By Quinn Townsend – (Alaska Policy Forum)

In the spring of 2019, Alaska Policy Forum published a report with economists from The Buckeye Institute examining the need for state spending reductions and the economic effects of 2019 tax proposals. While the numbers are not up to date for 2022, the economic effects discussed are the same.

The authors found that all tax proposals from 2019, such as implementing an income tax and a statewide sales tax, would hurt Alaska’s economy and add little revenue to the state’s pocketbook. While implementing a sales tax rather than an income tax would hurt Alaskans less, economists show that all taxes “[stunt] Alaska’s economic growth, [create] fewer jobs, and [fail] to generate enough revenue to cover current overspending.”

Additionally, their “findings are consistent with other empirical economic research that consistently demonstrates the harmful economic effects of taxation, and confirms that the private sector – not government spending – drives economic growth and prosperity.”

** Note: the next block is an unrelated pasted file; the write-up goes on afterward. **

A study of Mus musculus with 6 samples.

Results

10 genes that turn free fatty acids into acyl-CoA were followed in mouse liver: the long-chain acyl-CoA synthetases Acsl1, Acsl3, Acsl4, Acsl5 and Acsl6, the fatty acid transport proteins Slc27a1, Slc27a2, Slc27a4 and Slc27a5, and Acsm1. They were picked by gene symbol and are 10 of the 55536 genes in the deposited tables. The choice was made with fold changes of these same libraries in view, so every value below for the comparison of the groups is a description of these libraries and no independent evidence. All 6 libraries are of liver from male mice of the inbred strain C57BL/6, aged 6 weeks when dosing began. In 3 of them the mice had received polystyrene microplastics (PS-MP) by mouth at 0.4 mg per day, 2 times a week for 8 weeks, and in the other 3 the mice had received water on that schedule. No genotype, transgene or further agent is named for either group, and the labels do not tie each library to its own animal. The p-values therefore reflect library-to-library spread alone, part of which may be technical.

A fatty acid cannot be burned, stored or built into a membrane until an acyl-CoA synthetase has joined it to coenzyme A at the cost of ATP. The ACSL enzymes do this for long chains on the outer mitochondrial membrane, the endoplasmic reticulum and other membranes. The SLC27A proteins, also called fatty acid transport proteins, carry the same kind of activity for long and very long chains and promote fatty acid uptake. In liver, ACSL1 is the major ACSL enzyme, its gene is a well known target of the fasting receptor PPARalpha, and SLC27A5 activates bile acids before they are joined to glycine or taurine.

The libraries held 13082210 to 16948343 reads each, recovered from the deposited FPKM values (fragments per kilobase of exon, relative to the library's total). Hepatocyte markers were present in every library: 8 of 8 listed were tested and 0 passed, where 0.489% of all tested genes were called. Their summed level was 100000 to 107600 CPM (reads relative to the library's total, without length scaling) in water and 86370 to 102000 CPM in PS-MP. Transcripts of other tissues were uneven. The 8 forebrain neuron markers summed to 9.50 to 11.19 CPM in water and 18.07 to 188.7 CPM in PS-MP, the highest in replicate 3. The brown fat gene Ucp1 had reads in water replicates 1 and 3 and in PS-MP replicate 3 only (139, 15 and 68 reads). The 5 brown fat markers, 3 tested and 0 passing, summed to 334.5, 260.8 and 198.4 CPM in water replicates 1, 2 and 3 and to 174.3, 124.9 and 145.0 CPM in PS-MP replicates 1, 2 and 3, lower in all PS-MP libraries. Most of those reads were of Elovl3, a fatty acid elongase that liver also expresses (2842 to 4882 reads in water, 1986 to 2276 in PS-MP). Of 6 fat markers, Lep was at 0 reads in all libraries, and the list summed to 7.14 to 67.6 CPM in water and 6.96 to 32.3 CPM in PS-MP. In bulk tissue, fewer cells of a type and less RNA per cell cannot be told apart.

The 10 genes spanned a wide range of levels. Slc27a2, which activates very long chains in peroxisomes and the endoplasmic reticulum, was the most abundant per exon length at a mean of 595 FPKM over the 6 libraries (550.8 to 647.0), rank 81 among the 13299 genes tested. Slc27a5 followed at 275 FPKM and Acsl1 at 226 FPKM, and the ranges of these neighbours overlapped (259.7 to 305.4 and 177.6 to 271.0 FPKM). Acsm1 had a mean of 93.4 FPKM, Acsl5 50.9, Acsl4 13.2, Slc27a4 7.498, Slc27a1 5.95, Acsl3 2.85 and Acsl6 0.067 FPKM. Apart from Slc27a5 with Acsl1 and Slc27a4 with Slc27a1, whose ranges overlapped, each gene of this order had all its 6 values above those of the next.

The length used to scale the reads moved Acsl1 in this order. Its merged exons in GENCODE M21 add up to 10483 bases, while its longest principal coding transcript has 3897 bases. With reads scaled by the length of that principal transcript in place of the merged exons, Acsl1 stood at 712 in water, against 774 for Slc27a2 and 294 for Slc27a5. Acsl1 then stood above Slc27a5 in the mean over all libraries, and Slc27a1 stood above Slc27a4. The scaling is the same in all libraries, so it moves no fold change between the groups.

What conclusion can we take from this report today? While implementing taxes to raise revenues might sound tempting to policymakers, the burden will be too great for Alaskans. Reducing total state spending before discussing an income tax or broad-based sales tax is the necessary first step policymakers must make to address budget woes.

Click here to open a PDF of the report in a new tab. The PDF includes the Appendix.  

More taxes can’t solve Alaska’s unsustainable spending

Quinn Townsend
Quinn Townsend is the Policy Manager at Alaska Policy Forum with an M.S. in Resource Economics and Management from West Virginia University. Previously, she worked as the Economic Research Analyst at The Buckeye Institute. She is a graduate of the Heritage Foundation’s strategic communications fellowship and a Young Voices Contributor.